Editor's note: London-based cook, food writer and consultant Fuchsia Dunlop sits down with CNN to discuss her love affair with Sichuanese cuisine. Her responses have been edited for concision and flow.
CNN: What sparked your interest in Sichuanese cuisine?
I got very interested in China through a job subediting news reports about the east Asian region, particularly China. So I started Mandarin evening classes and went on holiday to China and was fascinated.
I'd been in Sichuan in 1993 when coming back from a holiday to Tibet and had an amazing lunch with some dishes I never forgot. I had looked up a Sichuanese musician whom I'd met in my hometown of Oxford, and he and his wife took me out. It was at a very modest little restaurant, but we had a delicious meal and ended up on the riverbank drinking jasmine tea at a teahouse. At that moment, I thought, I want to come back and live here.
Like everything in South Carolina, we cook barbeque cantankerously. We smoke our meat with hundreds of opinions and often with a sense of injured pride. Otherwise, it’s just different in South Carolina - all the way down to the way we spell it, more often with the garish and trashy “q” rather than the upwardly mobile and buttoned-down “c.”
When you mention S.C., people usually want to start a fight about sauces. The whole state is a big messy spill of sauces - there’s at least four of them. As anyone who's driven south on Highway 17 knows, though, that vinegar and spices blend famously found all over eastern North Carolina is really more of a culinary wedge that plunges way down the Carolina shore, down past Scott’s in Hemingway and certainly as far south as Brown’s Bar-B-Que in Kingstree and even further south with the pulled pork at Cooper’s Country Store in Salters.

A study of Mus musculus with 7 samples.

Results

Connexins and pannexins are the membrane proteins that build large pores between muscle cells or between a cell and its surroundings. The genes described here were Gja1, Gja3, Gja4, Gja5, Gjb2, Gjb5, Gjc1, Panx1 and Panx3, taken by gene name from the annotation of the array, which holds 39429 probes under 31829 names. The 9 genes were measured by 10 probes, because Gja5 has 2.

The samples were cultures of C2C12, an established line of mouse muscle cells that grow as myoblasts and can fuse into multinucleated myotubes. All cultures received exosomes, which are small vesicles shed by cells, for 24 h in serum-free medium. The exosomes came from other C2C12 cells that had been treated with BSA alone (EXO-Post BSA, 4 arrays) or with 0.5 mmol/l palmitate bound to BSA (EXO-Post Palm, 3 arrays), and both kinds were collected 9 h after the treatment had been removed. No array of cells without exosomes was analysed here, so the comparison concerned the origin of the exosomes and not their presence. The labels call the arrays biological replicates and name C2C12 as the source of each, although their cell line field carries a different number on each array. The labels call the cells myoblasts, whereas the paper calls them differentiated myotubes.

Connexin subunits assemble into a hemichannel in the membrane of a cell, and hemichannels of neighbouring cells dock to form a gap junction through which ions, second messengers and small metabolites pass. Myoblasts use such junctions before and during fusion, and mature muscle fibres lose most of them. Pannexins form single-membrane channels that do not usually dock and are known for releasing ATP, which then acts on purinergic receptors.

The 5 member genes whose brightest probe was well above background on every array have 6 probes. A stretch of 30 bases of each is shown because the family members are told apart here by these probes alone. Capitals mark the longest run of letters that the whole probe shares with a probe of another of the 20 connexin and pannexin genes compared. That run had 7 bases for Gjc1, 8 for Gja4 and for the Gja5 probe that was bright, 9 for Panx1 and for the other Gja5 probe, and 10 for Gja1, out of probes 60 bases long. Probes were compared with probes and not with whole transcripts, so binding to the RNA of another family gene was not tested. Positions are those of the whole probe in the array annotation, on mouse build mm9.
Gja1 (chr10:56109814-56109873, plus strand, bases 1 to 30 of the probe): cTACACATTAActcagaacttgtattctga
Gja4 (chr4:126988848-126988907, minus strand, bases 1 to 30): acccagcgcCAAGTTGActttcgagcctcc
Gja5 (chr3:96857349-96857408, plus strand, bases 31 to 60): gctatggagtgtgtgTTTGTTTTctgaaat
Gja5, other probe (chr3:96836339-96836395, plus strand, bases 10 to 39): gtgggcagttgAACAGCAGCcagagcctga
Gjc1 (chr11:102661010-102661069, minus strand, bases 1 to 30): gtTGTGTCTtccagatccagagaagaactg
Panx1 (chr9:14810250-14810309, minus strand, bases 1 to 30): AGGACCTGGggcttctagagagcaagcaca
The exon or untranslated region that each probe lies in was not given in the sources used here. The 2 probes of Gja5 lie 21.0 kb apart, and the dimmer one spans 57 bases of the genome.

While you're frying up some eggs and bacon, we're cooking up something else: a way to celebrate today's food holiday.
Oooh, salty! October is Eat Country Ham Month!
Country hams are terrifying. They’re dessicated, mold-ridden and possessed of a barnyard funk that could conceivably cause a soul to rethink their entire relationship with the animal kingdom.
They should not – for country ham is an American national treasure that rivals the finest porcine offerings of Italy, Spain and any other of the world’s ham-curing cultures. Here is what to do if you find one.
Ray Isle (@islewine on Twitter) is Food & Wine's executive wine editor. We trust his every cork pop and decant – and the man can sniff out a bargain to boot. Take it away, Ray.
My secret theory about why chicken wings and football go so well together can be demonstrated by a very simple experiment. First, go to the store and buy a chicken. Next, remove its wings. Next, truss its little feet together. Now paint it brown. What does it look like? Exactly: a football. Chickens are footballs, except for the wings. And that’s why when we watch football, we eat chicken wings.
Some people might question the logic of the above theory, but they, of course, have not been drinking enough beer. Because that is the other thing that goes perfectly with chicken wings: beer, and enough of it.